The Minimum Wage Amendment (“MWA”) to the Nevada Constitution allows an employer who offers “health benefits” to pay a minimum wage of one dollar per hour less than an employer who does not provide health benefits. Although the MWA became part of the Nevada Constitution over ten years ago (as a result of a voter initiative), the question of what health benefits an employer must provide to qualify for the privilege of paying the lower-tier minimum wage has been unclear. The MWA expressly provides that employers must offer health benefits in the form of health insurance that covers “the employee and the employee’s dependents at a total cost to the employee for premiums of not more than 10 percent of the employee’s gross taxable income from the employer.” Nev. Const. Art. 15 § 16(A). But the MWA is silent as to what, if any, specific health benefits must be provided. The Nevada Supreme Court finally answered this question in MDC Restaurants, LLC v. Eighth Judicial District Court, 134 Nev. Advance Opinion 41 (May 31, 2018).

In MDC Restaurants, employees alleged that their employers paid them the lower-tier minimum wage without providing sufficient health benefits under the MWA. Specifically, the employees argued that the “limited benefit plans” offered by their employers did not qualify them to pay the lower-tier minimum wage because the plans did not comply with NRS Chapters 608, 698A, and 689B, which place substantive requirements on health insurance (e.g., that it cover expenses such as hospice care, prescription drugs, cancer treatment, the management and treatment of diabetes, severe mental illness, and alcohol or drug abuse). The district court agreed and granted the plaintiffs’ motion for partial summary judgment on the issue. The employers then filed a petition for a writ of mandamus with the Nevada Supreme Court.

The Nevada Supreme Court granted the employers’ writ petition and held that in order to qualify to pay the lower-tier minimum wage under the MWA, an employer is not required to offer health insurance that provides specific benefits or meets the substantive requirements imposed by Nevada statutes. Rather, an employer is qualified to pay the lower-tier minimum wage if it offers health insurance that (1) is of a value greater than or equal to the wage of an additional dollar per hour, and (2) meets the “premiums of not more than 10 percent of the employee’s gross taxable income from the employer” requirement set forth in the MWA. The court reasoned that it is unlikely that, in enacting the MWA, the voters considered or intended to incorporate the entirety of Nevada’s statutory scheme regarding health insurance into the meaning of “health benefits.” Instead, the court stated that the purpose of the MWA was simply to provide higher wages to employees or, in the alternative, health insurance; and nothing in the text or purpose of the MWA suggests that the voters intended to create one tier that was inherently more valuable to employees than the other (which would be the case if extensive and costly health benefits were required for the lower-tier). Thus, the court concluded that “the simplest and most straightforward meaning of ‘health benefits’ is a benefit in the form of health insurance at least equivalent to an additional one dollar per hour in wages.”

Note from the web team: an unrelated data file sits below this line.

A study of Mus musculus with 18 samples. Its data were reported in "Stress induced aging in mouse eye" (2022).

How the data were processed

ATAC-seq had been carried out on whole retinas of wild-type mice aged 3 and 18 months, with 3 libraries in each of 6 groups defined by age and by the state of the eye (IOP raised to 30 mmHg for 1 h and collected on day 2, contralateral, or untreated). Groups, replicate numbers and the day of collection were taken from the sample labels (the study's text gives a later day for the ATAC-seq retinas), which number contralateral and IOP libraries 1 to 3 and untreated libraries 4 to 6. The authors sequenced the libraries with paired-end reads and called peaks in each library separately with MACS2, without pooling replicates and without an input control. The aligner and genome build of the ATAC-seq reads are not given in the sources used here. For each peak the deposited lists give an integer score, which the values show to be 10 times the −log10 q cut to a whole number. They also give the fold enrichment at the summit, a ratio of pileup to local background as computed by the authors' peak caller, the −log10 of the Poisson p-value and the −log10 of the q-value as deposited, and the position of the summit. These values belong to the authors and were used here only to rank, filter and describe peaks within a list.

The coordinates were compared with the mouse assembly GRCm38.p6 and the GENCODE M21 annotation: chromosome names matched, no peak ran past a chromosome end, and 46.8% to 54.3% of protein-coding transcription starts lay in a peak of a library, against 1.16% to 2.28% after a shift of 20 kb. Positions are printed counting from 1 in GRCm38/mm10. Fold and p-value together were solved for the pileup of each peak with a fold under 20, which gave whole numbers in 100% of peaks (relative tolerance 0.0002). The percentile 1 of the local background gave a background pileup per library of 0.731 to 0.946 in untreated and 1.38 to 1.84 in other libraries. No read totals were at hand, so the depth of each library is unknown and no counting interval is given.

In light of this ruling, Nevada employers who pay the lower-tier minimum wage should evaluate the health insurance they offer their employees to ensure that it not only meets the “premiums of not more than 10 percent of the employees’ gross taxable income from the employer” requirement, but also that the cost of the insurance to the employer is the equivalent of at least one additional dollar per hour in wages.